At a House Army Caucus breakfast earlier this week, Defense Secretary Robert Gates previewed the near future for operations in Afghanistan:
The next few months will be hard, especially as we clear and hold areas where we have not had a persistent presence, and as we attack an enemy that has, over the past few years, become more battle-hardened, lethal, and media-savvy. As with our troop increase in Iraq in 2007, we expect violence to increase before signs of progress and positive momentum start to show -- hopefully by sometime next summer.
The wars in Afghanistan and Iraq "will continue to affect the state of the Army for years to come," Gates said.
And, despite the stress of the two wars, the secretary said the Army would be able to meet its recruiting and retention goals "much earlier than planned."
As for long-term strategy, Gates said:
There is little doubt that the security challenges we now face, and will in the future, have changed -- and our thinking must likewise change. It simply will not do to base our defense strategy solely on continuing to design and buy -- as we have for the last 60 years -- only the most technologically advanced versions of weapons to keep up with or stay ahead of a superpower adversary, especially one that has been gone for nearly a generation.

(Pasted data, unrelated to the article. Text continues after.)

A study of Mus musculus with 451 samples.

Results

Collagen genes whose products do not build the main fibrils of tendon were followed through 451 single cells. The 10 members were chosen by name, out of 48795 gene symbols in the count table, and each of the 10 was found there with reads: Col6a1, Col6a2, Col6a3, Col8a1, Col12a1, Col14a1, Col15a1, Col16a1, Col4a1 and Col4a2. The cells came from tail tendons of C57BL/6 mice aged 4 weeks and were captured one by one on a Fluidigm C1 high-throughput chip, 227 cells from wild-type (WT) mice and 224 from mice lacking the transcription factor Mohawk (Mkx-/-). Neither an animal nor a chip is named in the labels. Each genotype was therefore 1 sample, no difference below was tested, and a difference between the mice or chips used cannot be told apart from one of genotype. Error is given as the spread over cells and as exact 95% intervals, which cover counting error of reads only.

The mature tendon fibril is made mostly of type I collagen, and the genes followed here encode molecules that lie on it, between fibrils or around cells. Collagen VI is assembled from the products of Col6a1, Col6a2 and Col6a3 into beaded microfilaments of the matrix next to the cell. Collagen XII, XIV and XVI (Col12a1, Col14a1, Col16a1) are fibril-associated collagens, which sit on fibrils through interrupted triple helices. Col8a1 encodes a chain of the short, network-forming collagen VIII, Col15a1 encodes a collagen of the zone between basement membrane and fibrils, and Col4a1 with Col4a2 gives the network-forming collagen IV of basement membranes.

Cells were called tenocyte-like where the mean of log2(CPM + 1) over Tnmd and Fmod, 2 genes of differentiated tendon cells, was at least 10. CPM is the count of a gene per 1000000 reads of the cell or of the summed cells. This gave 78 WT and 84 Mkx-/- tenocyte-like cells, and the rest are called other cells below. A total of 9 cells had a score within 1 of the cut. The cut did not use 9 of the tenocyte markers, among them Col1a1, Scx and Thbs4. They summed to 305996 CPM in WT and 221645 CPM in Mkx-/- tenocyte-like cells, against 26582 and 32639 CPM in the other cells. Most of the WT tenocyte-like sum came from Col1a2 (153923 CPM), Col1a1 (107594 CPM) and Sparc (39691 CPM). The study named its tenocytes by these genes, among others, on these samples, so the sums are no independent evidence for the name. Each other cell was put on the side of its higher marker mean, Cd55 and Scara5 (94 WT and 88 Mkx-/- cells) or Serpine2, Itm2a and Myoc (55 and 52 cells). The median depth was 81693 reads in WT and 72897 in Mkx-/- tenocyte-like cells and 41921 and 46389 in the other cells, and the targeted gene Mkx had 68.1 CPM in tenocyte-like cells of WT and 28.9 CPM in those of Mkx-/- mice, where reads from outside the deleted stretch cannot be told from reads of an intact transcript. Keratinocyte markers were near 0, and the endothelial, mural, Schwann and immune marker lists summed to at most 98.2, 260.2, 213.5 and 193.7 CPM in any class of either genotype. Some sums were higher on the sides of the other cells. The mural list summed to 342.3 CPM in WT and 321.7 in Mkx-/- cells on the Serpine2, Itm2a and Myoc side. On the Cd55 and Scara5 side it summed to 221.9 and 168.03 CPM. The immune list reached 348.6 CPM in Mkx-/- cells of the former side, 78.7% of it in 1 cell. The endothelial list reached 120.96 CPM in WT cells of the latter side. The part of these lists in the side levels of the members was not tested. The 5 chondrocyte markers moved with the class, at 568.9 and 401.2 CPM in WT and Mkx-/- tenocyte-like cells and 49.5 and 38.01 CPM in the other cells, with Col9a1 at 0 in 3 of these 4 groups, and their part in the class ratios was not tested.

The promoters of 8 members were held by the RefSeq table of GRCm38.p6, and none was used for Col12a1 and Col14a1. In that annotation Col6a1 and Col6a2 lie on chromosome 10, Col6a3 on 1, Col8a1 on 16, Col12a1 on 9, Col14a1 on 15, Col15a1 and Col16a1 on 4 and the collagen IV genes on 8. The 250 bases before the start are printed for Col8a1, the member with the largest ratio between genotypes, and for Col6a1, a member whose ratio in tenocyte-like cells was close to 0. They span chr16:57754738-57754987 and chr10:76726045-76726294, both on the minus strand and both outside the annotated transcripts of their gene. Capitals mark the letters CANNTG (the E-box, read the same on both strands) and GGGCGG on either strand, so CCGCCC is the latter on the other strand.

We have to invest in new concepts and new technologies and take into account all the assets and capabilities we can bring to the fight. We have to measure those capabilities against the real threats posed by real-world adversaries with real limitations, not threats conjured up from enemies with unlimited time, unlimited resources, and unlimited technological acumen. And we have to prepare to wage future wars and break the habit of rearming for previous ones.
Some have called for yet more analysis before making any of the decisions in this budget. Or cited varying definitions of “requirements” in defense of the status quo. A number of the arguments I’ve heard remind me of the line about those who use statistics the way a drunken man uses a lamp post -- for support rather than illumination.